Reader Responses: What’s the Cost of Bad Leadership in Procurement?

June 14, 2018

 

 

Sometimes, we write a blog post and it’s instantly clear that it touched a nerve among our readers. While we get feedback on most of our posts, some posts generate a lot of discussion because we’ve hit on something close to what people are feeling out there in our network of professionals in Procurement and Supply Chain.

We’ve had lots of reader feedback when we talked about the Supply Chain talent deficit, with people weighing in on their own hiring and job search challenges. When we wrote about what exactly it means to be strategic in Supply Chain, we heard from business leaders about breaking down silos and fostering an environment of continuous improvement.

We love it when this happens. It shows us that what we’re writing is resonating with the community, and we think it’s always good to share experiences and start discussions as we all aim to push the profession forward.

The most recent example:

We wrote recently about the issue of subpar leadership in Procurement, and how it can have ripple effects across a business. It’s commonly said that a bad hire costs a business thousands of dollars. We wrote the article to talk about how a bad hire at the senior level has massive costs that can’t even be quantified, in terms of reputation, employer branding, and the ability to attract talent in the future.

Suffice it to say, the post touched a nerve with a number of Procurement professionals who have felt ill-served by their leadership. We wanted to share a few great responses to the article from people who have lived this on the ground:

This quick response comes from an IT Strategic Sourcing leader in the U.S.:

“Great points. In addition to the impact you mention in the article, bad leaders sometimes try to compensate by hiring strong personnel with the expertise but stifle them with transactional, non-value work rather than utilizing the expertise to improve the organizations position within the company.”

This story comes from a Strategic Procurement Specialist in Ontario, with a lifetime of experience across the manufacturing and utility industries:

“Your article so directly addresses my recent experience that I felt compelled to respond and perhaps add to your catalogue of (mis)management ‘sins.’

Almost two years ago I retired from a company where I bought capital equipment for the projects group.  Last year my neighbour, the controller for a local company, approached me about joining their team to do some purchasing.  My new boss, the CFO, is a former employee from the same company whom I knew and liked.  The local company is a significant player in a niche tech service market.  They have never had a purchasing department and do not understand the contribution one makes to the bottom line.  I saw this as an interesting opportunity to help develop this area of the business.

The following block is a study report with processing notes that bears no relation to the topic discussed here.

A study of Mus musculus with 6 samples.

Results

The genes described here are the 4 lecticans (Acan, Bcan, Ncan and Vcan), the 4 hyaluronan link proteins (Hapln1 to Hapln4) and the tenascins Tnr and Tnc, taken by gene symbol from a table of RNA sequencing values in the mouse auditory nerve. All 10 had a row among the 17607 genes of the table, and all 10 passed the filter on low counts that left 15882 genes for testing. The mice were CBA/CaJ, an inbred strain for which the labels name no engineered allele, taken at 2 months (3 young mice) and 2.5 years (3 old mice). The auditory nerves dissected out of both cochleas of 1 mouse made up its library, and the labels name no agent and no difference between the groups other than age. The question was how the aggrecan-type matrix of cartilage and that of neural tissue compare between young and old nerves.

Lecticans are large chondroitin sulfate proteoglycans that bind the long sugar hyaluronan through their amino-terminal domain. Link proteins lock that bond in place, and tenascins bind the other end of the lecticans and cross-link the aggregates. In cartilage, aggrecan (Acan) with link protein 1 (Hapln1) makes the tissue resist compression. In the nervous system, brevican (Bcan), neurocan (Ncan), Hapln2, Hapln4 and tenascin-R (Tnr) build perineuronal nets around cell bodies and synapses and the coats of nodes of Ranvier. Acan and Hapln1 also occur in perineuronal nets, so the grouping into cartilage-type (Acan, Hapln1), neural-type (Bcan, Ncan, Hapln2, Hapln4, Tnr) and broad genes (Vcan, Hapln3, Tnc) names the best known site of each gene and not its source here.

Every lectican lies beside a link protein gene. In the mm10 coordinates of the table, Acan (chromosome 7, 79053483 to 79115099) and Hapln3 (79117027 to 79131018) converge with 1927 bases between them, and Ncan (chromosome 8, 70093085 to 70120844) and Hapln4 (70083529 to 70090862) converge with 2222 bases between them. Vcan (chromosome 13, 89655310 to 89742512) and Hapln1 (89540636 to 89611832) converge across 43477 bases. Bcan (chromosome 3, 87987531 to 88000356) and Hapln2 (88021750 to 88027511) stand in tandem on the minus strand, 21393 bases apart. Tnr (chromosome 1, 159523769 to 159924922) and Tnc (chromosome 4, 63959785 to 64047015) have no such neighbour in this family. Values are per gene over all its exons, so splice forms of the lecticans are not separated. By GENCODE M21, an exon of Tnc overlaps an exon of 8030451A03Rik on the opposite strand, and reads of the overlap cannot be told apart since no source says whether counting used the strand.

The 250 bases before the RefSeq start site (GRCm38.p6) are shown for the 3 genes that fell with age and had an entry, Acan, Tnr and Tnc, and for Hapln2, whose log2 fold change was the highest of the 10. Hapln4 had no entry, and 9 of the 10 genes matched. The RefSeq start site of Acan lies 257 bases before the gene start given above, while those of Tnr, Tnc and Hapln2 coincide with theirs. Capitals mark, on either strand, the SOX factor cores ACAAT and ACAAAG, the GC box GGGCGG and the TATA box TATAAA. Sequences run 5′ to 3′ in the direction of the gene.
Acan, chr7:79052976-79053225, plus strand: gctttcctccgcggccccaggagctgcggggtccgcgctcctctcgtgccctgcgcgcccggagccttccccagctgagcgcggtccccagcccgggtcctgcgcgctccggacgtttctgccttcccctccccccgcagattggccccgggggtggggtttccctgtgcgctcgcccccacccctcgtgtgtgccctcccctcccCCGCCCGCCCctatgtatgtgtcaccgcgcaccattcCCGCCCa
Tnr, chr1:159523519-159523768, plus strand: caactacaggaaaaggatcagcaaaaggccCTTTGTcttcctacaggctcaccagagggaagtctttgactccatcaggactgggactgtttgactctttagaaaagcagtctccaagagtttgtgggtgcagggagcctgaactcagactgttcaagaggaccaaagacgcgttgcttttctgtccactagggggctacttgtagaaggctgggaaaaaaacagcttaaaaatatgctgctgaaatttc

Last fall I was asked to go out for quote for a number of contracts.  I prepared the RFIs and then the RFPs using standard language and requirements including the communication chain limitations until the award of business.  The RFP, which my boss insisted on reviewing prior to issue, stated that not complying with the communication requirements could be considered a breach of the terms of the RFP and could cause the offending company to be eliminated from consideration.  One of the suppliers called me to tell me that my boss was ignoring the procedure and directing them to call him to discuss their proposal.  As well, he was talking to their US business centre instead of the Canadian one which was the supplier’s stated preference.  When I spoke to my boss he told me not to lecture him, he knows how things are done and this is not our former employer so it’s not necessary to follow procedures.  He had just put his current employer in the position of taking a reputational hit for unfair practices or possibly even a lawsuit.

I waited until my paycheck was in the bank and ‘re-retired’ effective immediately.  As well, I let a former co-worker who was interested in moving to the local company what had taken place.  He immediately understood the issues and stated that he would stay where he is.

Over time I have had incompetent bosses but this was the first openly unethical one.”


A big thank you to these professionals for sharing your experience, and please reach out if you have any more stories about leadership failures in Procurement to add!